Fitness pro Brad Schoenfeld, MS, CSCS, is a regular contributor to DiettoGo.com, a website that caters to busy professionals wanting to eat great while they lose weight. Schoenfeld is one of America’s leading fitness experts and is the best-selling author of Sculpting Her Body Perfect, 28-Day Body Shapeover and his latest book, Women’s Home Workout Bible.

Poor exercise choices will not only not get you your desired results, but they can ultimately lead to a debilitating injury. 

Here are five of the all-time worst exercises and five super substitutes. Out with the bad, in with the good!

Standing Dumbbell Pec Flys

These exercises are performed in many body-sculpting classes and I’ve even seen personal trainers use them with their clients. They are supposed to work the chest muscles. The problem: they don’t work the pecs at all!

In order for a move to be effective, it must oppose gravity. In this exercise, the motion is horizontal to the ground while gravity is, of course, vertical. All you end up with is a very inefficient way of isometrically working the front delts.

Super Substitute Exercise: All you need to do in order to target the pecs is perform the exercise lying down on a bench, stability ball, or even the floor. This allows you to work in the direction of gravity and really develop those chest muscles!

Sit-Ups

From preschool to college, the good old sit-up is a staple in most gym classes. It’s also one of the worst exercises for maintaining lower-back health. Forces on the lumbar region go through the roof each time you lift your lower back off the floor to a seated position.

Making matters even worse, the hip flexors tend to dominate the movement, taking the focus off the abs. And when hip flexors get overly developed in relation to the lower back muscles, lumbar health is further compromised. The end result: chronic lower back pain.

Super Substitute Exercise: The crunch and any of its variations are ideal for targeting the abs without overly stressing the lower back. For added intensity you can perform the move on a stability ball, which really gets those core muscles firing!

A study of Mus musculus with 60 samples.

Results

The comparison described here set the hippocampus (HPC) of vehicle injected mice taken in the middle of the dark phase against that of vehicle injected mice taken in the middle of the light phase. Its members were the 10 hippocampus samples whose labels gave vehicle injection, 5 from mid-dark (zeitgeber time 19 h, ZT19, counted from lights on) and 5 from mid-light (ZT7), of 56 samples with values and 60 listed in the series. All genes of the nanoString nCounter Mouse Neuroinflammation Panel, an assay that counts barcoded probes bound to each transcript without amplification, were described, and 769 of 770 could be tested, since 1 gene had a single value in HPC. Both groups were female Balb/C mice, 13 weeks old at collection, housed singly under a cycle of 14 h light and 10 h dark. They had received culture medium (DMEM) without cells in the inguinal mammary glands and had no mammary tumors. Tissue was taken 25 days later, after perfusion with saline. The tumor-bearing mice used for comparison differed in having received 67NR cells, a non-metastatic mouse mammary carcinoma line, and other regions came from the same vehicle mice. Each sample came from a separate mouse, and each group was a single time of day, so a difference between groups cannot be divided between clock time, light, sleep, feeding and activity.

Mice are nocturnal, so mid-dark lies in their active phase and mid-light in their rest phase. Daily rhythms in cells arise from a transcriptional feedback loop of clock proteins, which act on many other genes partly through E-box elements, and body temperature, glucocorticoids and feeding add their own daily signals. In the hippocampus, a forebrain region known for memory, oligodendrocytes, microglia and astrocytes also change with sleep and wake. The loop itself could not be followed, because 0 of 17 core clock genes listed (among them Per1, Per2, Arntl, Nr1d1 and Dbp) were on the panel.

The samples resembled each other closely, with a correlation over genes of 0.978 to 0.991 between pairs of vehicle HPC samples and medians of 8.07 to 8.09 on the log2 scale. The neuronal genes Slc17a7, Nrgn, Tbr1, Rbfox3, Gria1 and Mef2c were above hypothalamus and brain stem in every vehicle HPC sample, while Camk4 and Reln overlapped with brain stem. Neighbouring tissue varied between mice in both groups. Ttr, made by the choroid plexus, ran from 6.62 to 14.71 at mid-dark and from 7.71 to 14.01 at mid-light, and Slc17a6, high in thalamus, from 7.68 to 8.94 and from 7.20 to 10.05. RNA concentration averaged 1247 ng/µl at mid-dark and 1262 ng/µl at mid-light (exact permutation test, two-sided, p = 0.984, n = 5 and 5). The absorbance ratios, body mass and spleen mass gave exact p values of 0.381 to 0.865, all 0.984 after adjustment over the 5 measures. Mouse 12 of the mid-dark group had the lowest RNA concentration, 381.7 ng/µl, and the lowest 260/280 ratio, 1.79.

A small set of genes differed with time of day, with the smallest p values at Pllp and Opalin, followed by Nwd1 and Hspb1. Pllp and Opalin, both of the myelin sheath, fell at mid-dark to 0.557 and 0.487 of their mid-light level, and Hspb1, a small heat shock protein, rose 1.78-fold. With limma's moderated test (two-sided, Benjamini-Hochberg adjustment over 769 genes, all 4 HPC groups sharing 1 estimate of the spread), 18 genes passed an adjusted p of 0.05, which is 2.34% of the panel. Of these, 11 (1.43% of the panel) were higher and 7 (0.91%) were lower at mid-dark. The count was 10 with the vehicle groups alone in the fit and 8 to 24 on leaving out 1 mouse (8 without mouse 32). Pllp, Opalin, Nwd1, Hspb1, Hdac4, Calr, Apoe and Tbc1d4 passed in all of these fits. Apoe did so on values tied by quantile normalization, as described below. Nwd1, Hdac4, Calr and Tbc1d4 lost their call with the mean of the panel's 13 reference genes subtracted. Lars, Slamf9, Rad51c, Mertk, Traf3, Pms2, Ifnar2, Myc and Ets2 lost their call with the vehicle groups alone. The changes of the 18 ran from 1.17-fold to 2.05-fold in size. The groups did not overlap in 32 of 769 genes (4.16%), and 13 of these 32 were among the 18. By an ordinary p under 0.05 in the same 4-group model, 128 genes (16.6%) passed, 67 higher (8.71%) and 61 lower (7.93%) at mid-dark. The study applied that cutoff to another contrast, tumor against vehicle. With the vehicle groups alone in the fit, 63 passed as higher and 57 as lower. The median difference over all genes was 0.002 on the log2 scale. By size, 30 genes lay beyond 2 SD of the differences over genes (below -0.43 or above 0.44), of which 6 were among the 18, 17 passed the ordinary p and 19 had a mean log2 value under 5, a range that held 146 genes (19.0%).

Behind-the-Neck Shoulder Presses

People often perform the shoulder press with a barbell or body bar, starting with the bar held behind the neck. Bad idea. This places the shoulder joint in a position where it is simultaneously abducted and externally rotated – a condition that can cause impingement of the rotator cuff and possibly a tear of the associated muscles and tendons.

What’s more, the shoulder joint ligaments can become overly stretched with repeated use of the move. Over time, the ligaments can become so loose that surgery is required to reinstate stability – and that will set your training efforts back for months.

Super Substitute Exercise: Go with a dumbbell press. Dumbbells allow the shoulder to work in its natural arc, providing a safe and effective workout. As an alternative, consider the Arnold Press where you begin with your palms facing your body and then turn them as you press the weights up so that, by the finish of the move, they’re facing away from you.

Behind-the-Neck Lat Pulldowns

Go into any gym in the world and you’ll see people yanking down a weight bar so it hits behind their neck. This is dangerous on two levels. For one, it places a great deal of stress on the shoulder capsule, which can cause damage to surrounding connective tissue. What’s more, there is a tendency to pull the neck forward during performance, increasing the prospect of injury to the cervical spine and corresponding muscles and ligaments. There is even the danger of vertebral trauma if the bar is pulled down too hard.

Super Substitute Exercise: Perform lat pull-downs to the front, where the bar is brought down to your upper chest at the finish of the move. Not only will this spare your shoulder joints, but it has been shown to be more effective in building muscle than the behind-the-neck version. If you don’t have access to a gym, you can also perform dumbbell rows to work the back muscles.

Alternating Superman

You might not know the name of the exercise, but you’ve probably seen it performed countless times. A person lies face-down on the floor and then lifts the right arm and left leg simultaneously, then repeats with opposite side. The problem here is that the legs are much heavier than the arms. When you lift opposing limbs (i.e. right arm/left leg) at the same time, there is a tendency to twist the torso and, correspondingly, place undue torsion on the spine. You end up doing more harm to your back than good.

Super Substitute Exercise: Simply perform The Superman with all limbs together at the same time. Alternatively, you can perform hyperextensions and reverse hyperextensions on a stability ball to really engage the core muscles.